Scout is pushed into a fight with her classmate, who had jeered her father for defending the ‘niggers’. On being questioned, Atticus does agree that he defends niggers, in particular the one named Tom Robinson. He explains that though the case is a tricky and a complex one, it is important for his own self-esteem. Moreover, his conscience compels him to suffer on behalf of the injustice carried out by his community. Another reason for taking up the case is that if he did not, he would not be able to represent their country in the legislature. Besides, the case is equally important for him to be able to stand up to his anti-racial stance.
Christmas arrives with mixed feelings for Jem and Scout since they have to spend it at Finch’s Landing, with Aunt Alexandra, Atticus’ sister. They receive air rifles as Christmas gifts from Atticus. Getting acquainted with the relatives once again seems a tiring job and Scout finds her cousin Francis a terrible bore. Aunt Alexandra is outraged that Scout is still in breeches and not in a dress. The children make a very amusing comparison of Aunt Alexandra with Mount Everest
Scout and Francis have a quarrel first over Dill and then over Atticus, whom Francis calls a ‘nigger-lover’. Uncle Jack mediates between them. Uncle Jack is unable to comprehend Scout’s way of thinking and admits to Atticus how he himself is better off for not having married at all.
Scout cannot help picking a fight when her father’s position at stake. Her behavior and her use of expletives is greatly abhorred by Uncle Jack, but he is not able to sort out the confusion.
Uncle Jack has a talk with Atticus about the children, and Atticus, knowing that Scout is listening says that he hopes the children would trust him and come to him for answers instead of depending on the local gossips. Scout is surprised that her father knows she has been listening --"and it was not until many years later that I realized he wanted me to hear every word he said."
Atticus again displays his rich character through his penetrating sense of child psychology. He realizes, as do few adults, that sometimes children abhor being told what is to be done. In a very adept manner, he maneuvers the conversation with Jack Finch in order to let Scout know (who he knows may be overhearing) that he hopes that his children would not be like the rest of the other citizens of Maycomb society, who refuse to associate with the blacks.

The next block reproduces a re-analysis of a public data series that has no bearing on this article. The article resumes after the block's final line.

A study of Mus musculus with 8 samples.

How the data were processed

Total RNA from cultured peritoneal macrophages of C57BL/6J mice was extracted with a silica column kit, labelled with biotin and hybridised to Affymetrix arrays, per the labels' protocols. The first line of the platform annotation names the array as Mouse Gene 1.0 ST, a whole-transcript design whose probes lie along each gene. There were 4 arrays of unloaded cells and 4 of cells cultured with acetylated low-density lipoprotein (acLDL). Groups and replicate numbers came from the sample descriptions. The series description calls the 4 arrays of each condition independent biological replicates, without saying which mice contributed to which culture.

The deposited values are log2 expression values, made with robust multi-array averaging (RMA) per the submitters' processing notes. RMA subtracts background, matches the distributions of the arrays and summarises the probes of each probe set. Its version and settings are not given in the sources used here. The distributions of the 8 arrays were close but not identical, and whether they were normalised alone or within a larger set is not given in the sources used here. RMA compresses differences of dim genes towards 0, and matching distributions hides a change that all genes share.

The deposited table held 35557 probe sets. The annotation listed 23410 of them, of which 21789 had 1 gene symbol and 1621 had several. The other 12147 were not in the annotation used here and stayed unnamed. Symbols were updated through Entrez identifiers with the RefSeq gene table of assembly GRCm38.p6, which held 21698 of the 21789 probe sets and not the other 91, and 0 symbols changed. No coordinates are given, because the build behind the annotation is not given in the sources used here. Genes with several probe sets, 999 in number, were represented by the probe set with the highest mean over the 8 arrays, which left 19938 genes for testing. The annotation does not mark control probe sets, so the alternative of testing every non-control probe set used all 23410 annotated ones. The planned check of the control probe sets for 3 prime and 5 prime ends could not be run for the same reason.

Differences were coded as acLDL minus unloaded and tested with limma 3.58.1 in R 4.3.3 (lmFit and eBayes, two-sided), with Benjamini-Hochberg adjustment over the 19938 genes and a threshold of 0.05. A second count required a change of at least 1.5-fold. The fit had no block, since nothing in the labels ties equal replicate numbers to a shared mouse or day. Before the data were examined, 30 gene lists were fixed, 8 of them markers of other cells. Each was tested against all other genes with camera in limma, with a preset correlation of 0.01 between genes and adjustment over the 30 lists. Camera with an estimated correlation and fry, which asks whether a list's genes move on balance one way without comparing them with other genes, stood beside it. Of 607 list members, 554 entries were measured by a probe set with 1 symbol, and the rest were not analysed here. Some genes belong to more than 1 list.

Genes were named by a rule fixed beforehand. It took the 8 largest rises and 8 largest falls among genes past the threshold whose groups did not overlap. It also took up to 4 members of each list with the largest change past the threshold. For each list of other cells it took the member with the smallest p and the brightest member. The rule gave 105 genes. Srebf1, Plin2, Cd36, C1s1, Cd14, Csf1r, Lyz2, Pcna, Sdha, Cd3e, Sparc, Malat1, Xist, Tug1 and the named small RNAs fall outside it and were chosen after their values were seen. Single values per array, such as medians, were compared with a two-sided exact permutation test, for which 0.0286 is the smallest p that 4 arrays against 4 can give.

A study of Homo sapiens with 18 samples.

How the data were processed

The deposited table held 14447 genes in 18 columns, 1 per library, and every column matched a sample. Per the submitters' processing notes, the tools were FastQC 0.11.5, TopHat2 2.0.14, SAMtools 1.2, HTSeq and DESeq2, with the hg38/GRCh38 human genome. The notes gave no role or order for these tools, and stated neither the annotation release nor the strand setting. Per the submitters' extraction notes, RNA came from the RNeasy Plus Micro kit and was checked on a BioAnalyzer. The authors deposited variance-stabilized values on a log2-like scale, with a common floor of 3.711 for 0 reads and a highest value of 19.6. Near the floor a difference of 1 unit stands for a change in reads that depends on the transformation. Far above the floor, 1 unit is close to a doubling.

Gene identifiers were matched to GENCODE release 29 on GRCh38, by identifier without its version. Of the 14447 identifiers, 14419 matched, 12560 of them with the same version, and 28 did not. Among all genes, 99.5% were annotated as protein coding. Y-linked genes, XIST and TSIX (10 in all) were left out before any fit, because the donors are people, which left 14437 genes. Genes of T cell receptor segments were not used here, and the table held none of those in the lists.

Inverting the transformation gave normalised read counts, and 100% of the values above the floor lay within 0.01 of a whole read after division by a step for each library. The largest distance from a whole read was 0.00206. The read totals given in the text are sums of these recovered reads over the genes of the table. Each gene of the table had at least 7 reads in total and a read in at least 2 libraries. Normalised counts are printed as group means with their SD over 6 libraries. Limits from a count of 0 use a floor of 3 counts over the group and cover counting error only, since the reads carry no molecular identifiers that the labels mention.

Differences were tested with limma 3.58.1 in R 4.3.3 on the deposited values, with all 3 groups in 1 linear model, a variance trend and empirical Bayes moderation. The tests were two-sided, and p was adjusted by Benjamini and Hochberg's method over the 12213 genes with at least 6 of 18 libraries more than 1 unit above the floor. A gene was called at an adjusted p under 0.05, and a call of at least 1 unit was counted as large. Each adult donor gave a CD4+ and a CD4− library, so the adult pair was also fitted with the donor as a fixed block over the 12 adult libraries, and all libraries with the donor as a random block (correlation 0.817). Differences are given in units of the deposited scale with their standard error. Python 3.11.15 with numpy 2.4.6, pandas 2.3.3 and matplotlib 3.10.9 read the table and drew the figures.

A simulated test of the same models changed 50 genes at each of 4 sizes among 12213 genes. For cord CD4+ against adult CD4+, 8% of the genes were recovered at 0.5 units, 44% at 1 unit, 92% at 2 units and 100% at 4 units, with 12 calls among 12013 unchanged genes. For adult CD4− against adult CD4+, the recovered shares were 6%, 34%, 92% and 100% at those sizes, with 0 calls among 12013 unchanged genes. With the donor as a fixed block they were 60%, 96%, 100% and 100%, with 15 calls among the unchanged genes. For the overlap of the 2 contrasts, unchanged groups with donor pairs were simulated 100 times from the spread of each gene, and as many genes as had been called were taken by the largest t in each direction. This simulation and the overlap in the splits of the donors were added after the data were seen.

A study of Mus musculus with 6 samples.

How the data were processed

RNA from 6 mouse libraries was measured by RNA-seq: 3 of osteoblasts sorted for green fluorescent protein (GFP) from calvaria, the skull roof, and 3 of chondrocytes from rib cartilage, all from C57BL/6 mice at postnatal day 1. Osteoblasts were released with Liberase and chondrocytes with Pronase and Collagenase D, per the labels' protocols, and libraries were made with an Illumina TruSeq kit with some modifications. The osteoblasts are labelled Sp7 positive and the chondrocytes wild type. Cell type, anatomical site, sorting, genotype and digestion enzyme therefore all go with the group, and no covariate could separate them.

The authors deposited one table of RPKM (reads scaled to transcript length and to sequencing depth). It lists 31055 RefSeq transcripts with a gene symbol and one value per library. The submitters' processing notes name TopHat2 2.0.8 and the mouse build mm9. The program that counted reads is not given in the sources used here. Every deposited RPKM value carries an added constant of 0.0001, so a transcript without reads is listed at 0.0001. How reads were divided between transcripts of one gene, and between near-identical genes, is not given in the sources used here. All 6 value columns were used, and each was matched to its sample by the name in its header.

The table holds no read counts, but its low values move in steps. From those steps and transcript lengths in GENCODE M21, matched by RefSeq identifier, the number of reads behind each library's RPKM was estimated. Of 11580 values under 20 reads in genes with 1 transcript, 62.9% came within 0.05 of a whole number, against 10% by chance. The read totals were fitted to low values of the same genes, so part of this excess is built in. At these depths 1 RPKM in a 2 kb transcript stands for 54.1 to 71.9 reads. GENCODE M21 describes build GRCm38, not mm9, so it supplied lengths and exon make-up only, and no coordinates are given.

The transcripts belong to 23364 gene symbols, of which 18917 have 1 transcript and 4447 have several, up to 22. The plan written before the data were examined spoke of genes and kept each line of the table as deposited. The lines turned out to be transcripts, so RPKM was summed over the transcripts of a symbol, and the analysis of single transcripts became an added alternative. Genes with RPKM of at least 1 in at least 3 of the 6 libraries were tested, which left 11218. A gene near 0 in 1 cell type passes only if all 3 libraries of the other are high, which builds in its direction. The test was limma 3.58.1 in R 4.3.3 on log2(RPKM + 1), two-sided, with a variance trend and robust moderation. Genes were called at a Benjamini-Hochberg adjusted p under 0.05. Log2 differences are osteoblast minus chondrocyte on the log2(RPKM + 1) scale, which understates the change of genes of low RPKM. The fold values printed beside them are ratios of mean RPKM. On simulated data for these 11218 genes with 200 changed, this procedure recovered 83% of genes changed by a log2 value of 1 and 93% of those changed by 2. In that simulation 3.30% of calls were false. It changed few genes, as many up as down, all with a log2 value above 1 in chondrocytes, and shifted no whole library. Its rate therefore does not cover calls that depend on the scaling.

Scout, child that she is, is amazed at her father’s perceptiveness. Harper Lee has very skillfully sketched the depth of this father - daughter relationship.
Atticus refuses to teach the children how to shoot and Uncle Jack takes up the charge of giving them the lessons. Atticus only tells them that they may shoot at anything but a mockingbird. He explains that mockingbirds hurt no one; they only sing for people to enjoy, so killing a mockingbird is definitely a sin.
While going for a walk across the Radley house, they notice Tim, Mr. Harry Johnson’s dog, behaving strangely. The children rush home to inform Calpurnia. It turns out the dog had turned mad, and Calpurnia rushes around, informing everyone about it. The sheriff, Mr. Heck Tate requests Atticus to shoot down the dog. Atticus kills the dog in one shot! The children who had never been aware of their father’s shooting prowess are truly stunned. It turns out their father’s nickname in his younger days was ‘ol,’one-shot’. Miss Maudie then explains to the children that though Atticus was such a fine shooter, he had decided long ago that he would shoot only when it would be absolutely necessary to do so. She also describes him as a very civilized being at heart.
The mockingbird is mentioned for the first time. Atticus insists that a mockingbird, whose sole ambition in life is to bring pleasure to others, should never be killed, it being a virtual sin to do so. The reference to the mockingbird is important for Tom Robinson’s trial, as well as in relation to Boo Radley.
Atticus’ excellence in shooting greatly astonishes the children who have never seen their father shoot at anything. Maudie’s explanations clears up the confusion. Atticus maintains an appreciable sense of propriety and civility in this chapter. The children’s respect for their father is raised several notches now. Jem, especially, who is at the stage of emulating his father, is very proud of his him, which is demonstrated when he says jubilantly, "Atticus is a gentleman, just like me!"